A recent email from Brian Dowling, the head guide, contained some images taken by drone of the upper levels of the Cathedral on the external walls facing Cathedral Close. There are two inscriptions which record the Western Approaches at sea and in the air. The inscriptions are not easily accessible and difficult to photograph, so it was good to have these drone images.
The inscriptions were carved after the commemorative services were held in the Cathedral. A service of “Recollection of the Western Approaches” took place on Thursday, August 9th, 1945. During the anthem, Dean Dwelly, Admiral Sir Percy Noble and Admiral Sir Max Horton made their way to “a place high above the city, a lookout to the sea.” The marks were made by the Commanders in Chief to give thanks for the sacrifices made by the Royal Navy. At one corner is the consecration mark and on the right the Cathedral lozenge. The record of the service was placed in the Archives and can now be viewed in the case in the Memorial Chapel.
On Saturday, September 15th a Coastal Command memorial service was held. At the service, the Dean led the company to the Corona Gallery where the roundel for the Coastal Command was made.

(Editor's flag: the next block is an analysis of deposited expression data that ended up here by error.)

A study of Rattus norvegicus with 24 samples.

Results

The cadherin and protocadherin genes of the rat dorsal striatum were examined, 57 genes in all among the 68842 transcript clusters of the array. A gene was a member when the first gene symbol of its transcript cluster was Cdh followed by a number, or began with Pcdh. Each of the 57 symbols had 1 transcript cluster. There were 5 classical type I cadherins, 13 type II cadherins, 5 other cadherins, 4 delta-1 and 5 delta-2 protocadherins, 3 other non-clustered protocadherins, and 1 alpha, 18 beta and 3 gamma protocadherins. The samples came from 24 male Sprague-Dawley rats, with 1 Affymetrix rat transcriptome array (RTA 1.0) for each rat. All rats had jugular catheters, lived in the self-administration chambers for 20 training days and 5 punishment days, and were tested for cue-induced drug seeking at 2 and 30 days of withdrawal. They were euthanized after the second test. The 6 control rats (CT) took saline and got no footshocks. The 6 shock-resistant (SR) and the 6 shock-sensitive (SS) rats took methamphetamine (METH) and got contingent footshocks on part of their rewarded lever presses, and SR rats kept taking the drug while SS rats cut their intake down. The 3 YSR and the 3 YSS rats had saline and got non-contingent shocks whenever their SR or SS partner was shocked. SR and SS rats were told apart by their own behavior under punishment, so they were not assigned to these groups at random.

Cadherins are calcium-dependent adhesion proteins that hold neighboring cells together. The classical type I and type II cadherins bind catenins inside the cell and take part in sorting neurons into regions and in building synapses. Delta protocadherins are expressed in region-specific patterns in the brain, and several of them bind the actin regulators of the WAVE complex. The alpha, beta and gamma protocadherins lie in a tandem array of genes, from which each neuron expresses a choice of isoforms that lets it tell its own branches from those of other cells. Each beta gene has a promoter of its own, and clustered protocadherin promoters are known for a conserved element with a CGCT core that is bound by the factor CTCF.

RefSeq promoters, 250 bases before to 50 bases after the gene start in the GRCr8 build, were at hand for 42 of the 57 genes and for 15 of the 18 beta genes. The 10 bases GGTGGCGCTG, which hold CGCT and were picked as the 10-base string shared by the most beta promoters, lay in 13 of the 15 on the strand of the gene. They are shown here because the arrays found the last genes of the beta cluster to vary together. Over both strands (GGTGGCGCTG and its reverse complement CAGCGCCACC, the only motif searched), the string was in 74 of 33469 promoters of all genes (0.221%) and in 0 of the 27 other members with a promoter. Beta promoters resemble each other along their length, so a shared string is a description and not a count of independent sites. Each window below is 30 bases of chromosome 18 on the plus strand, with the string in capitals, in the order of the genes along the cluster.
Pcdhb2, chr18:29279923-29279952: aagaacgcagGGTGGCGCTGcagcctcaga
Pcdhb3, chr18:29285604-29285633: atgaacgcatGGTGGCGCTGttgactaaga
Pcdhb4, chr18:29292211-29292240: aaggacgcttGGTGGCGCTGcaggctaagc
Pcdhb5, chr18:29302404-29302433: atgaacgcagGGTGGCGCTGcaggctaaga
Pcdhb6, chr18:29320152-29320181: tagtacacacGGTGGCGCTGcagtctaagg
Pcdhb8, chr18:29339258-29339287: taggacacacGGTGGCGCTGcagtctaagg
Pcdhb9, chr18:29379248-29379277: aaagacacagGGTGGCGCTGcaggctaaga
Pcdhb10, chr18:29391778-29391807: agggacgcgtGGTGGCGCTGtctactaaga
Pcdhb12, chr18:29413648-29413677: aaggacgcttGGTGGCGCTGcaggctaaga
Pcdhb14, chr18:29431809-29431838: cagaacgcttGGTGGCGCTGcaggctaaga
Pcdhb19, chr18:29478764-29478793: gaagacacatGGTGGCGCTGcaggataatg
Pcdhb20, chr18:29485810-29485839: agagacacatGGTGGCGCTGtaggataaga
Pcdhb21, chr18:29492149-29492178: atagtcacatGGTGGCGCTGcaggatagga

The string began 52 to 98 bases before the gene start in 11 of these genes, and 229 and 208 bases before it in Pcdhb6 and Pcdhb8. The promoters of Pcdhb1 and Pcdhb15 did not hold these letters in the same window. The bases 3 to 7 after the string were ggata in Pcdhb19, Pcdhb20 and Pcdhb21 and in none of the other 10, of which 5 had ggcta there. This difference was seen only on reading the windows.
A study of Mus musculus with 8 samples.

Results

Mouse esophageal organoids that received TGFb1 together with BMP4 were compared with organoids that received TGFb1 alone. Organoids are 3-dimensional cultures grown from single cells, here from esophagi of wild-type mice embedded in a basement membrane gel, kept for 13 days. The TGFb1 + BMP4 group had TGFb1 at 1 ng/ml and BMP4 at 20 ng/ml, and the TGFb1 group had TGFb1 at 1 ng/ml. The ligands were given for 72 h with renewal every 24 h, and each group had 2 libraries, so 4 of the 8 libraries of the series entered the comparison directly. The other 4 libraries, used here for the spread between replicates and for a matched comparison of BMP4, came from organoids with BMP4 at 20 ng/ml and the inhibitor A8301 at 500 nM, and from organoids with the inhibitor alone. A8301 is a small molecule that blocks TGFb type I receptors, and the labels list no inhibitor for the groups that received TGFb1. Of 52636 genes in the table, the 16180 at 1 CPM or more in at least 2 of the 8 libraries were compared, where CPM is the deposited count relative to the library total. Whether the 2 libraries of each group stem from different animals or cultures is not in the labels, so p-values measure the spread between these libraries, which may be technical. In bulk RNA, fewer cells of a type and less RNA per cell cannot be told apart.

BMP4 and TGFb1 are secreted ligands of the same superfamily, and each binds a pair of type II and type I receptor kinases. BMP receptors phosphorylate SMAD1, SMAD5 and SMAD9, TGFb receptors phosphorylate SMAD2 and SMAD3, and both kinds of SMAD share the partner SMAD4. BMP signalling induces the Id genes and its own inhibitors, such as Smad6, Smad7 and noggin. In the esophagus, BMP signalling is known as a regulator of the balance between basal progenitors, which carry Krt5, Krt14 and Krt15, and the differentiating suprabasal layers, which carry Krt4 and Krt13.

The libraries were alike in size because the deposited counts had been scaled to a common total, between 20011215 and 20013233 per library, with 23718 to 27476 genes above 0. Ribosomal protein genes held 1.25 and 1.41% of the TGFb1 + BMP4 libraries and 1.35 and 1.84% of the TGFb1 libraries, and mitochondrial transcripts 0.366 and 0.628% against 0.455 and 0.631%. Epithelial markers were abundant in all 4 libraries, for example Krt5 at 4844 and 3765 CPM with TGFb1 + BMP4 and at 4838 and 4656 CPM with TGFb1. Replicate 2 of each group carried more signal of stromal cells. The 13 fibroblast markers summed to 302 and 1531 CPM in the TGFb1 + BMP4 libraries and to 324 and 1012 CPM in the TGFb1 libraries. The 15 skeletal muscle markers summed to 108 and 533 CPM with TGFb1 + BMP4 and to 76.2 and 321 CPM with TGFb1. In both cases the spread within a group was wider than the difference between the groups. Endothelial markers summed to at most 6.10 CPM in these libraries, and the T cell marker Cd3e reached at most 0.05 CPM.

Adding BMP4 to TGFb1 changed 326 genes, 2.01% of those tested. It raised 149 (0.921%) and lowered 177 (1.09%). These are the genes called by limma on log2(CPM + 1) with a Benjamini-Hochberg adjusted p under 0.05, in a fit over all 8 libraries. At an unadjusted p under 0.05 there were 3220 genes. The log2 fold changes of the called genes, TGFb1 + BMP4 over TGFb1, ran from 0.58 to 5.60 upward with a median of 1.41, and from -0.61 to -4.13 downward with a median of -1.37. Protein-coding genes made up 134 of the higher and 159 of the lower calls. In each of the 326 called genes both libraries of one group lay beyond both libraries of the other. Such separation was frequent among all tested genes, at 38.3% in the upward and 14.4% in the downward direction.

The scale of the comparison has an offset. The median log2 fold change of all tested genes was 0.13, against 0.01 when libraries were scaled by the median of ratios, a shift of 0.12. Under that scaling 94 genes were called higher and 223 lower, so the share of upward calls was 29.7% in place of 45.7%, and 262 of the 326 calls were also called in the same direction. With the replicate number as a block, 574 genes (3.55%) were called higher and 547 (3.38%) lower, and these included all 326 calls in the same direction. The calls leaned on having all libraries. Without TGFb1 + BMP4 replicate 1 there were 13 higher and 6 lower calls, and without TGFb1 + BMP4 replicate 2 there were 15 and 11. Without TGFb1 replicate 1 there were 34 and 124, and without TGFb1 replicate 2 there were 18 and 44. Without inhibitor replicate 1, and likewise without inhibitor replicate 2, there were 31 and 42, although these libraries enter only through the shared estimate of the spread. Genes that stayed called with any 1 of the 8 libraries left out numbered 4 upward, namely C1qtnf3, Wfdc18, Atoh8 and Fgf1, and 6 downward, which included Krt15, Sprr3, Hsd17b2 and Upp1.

As the choir sang “We will remember them” the RAF leaders moved with the Dean to “a place high over the city a look out to the coast”. Here the stone of thanksgiving was marked on the stone which is nearest to the gap made by enemy bombs.
Air Marshall Sir James M Robb; AOC in C Fighter Command: Air Marshall Sir Leonard Slatter; AOC in C Coastal Command and Dean F W Dwelly had their names inscribed. The emblem of the Coastal Command is visible in the right hand corner.
The beautiful service covers designed by Edward Carter Preston are kept in the Archives.
Acknowledgements: Roy Redman. Zone images ©Richard Stoddern. Service covers © Alan Cookson.
If this has sparked an interest to know more about our “Hidden Treasures” you can visit our Archive exhibition in the Memorial Chapel from September 20th – October 2nd. You will see items from the Archives that are not usually on display and learn more about the inheritance that we have in our Archives.